Natural Holidays

When planning your holiday décor, don’t miss out on the best source—nature. Gardening expert John Floyd shares his tips for growing the best plants that are sure to spread cheer throughout the season—and beyond.

Japanese Maple

Believe it or not, our fall color peaks around the week before Thanksgiving. And our first killing frost usually waits until some time in November. This makes for great gardening across the metro area this time of year. Cool fall days and cold nights create the perfect atmosphere for planting biennials such as foxgloves, stock, sweet Williams, and Canterbury bells for spring bloom. These are special plants for me, as they grace my garden every spring with an exceptional show of color. You can generally find foxgloves and sweet Williams in our local garden centers, but stock and Canterbury bells will probably have to be ordered from a company such as Bluestone Perennials.

As we rake leaves and plant perennials and pansies, our thoughts start to turn to the holidays. The Thanksgiving table with its beautiful centerpiece is always special at our house. Usually, the material for this arrangement comes from my garden and the surrounding woods or neighbor’s yards (with permission, of course). In our region, the leaves and branches of ginkgo, green Japanese maples, red maples (especially the named selections), sugar maples, and Southern sugar maples are great options. If you plan to cut branches for arranging, be sure to make a clean cut on the limb where you do not leave a nub of stem. And if you want to add any of these trees to your landscape for future enjoyment, now is the perfect time to plant them. 

When planting a ginkgo, keep in mind that it’s a large tree when mature and needs dryer locations. Also be sure you purchase a male one, as the female fruits have a dead fish odor. Green Japanese maples and Southern sugar maples are smaller trees that are easy to grow. However, over time their root system becomes dense, and few things other than ground covers will grow well  under the canopy. Red maples and sugar maples are large trees and good growers. And while they are excellent shade trees, they do have surface roots, which means you may need to eliminate the turf under these trees at some point and replace with mulch. I do have a 20-year-old red maple in my front area that still has turf under it, but I don’t mind having exposed roots combined with the turf.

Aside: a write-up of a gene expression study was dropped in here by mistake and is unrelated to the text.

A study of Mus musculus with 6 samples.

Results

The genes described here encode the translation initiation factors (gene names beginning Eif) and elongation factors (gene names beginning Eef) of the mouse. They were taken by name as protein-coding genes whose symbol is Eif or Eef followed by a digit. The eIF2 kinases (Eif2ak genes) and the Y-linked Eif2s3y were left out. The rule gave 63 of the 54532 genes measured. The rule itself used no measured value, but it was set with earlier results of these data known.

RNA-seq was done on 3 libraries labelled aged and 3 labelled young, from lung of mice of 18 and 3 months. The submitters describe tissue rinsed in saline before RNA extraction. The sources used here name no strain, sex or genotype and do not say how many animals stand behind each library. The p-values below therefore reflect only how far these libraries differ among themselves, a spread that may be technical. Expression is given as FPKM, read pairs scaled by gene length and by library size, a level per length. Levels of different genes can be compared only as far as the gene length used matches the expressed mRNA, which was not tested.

As we look ahead to December, many of us start to prepare for Christmas. In our house, using natural decorations is a must. Magnolia clusters, holly branches, smilax vines, nandina berries, and juniper sprays are go-to materials when decorating the mantels and doors, as well as when creating arrangements. Since these decorations usually need to last two weeks or longer, we try to arrange them in water or in florist foam so that water can be added. This also allows fresh flowers to be mixed in when we
are entertaining.


Perhaps the best thing about using natural decorations is that they can be recycled, meaning you can enjoy the materials in other arrangements after the season is over. That’s definitely something to make your holidays even happier.


Floyd’s To-Do List: November/December

Leaves If leaves are still falling, mow the turf with a bagging attachment and then put the leaves in plastic bags. Wet the cut-up leaves well, and seal the bags. Store the filled bags out of sight. Over the winter, they will decompose and will make good compost or mulch for your spring garden.

Vegetable Garden Once you have finished harvesting your vegetable garden, remove all the debris, till the area, and water well. Then cover it with opaque plastic sheeting. This will prevent winter weeds and will control some pests because of the solarizing effect.

Spring Bulbs This time of year, spring bulbs go on sale at many garden centers and mail-order nurseries. Purchase them now and refrigerate them until time to plant. Any time after Thanksgiving through the first of the year is when I plant my spring bulbs for best effect. This especially works well for tulips and daffodils.

Paperwhite and amaryllis bulbs These bulbs are popular to force in water this time of year. However, it’s important to not allow the water to be above the basal plate, which is the area where you see the shriveled dead roots coming out of the base of the bulb. Only allow the water level to come to this point on the bulbs. Remove the dead material from the bulb before placing the bulb in water. Keep the water level touching the basal plate until you see new roots; then allow the water to drop slightly below this level. Grow in a sunny, cool spot for best results.

Poinsettias When purchasing a poinsettia, look for one that has the little flowers in the center of the colorful bracts. These flowers, whether just opening or in bloom, tell you the age of the plant. Look for plants whose flowers are unopened or just opening to get the best quality plants. And remember that lack of water and sunlight are the main causes of poinsettias looking poor through the holidays.

John Floyd has been gardening in the Birmingham area for more than 30 years. In addition to his day-to-day experience, John has degrees in horticulture from Auburn and Clemson Universities and was editor-in-chief of Southern Living.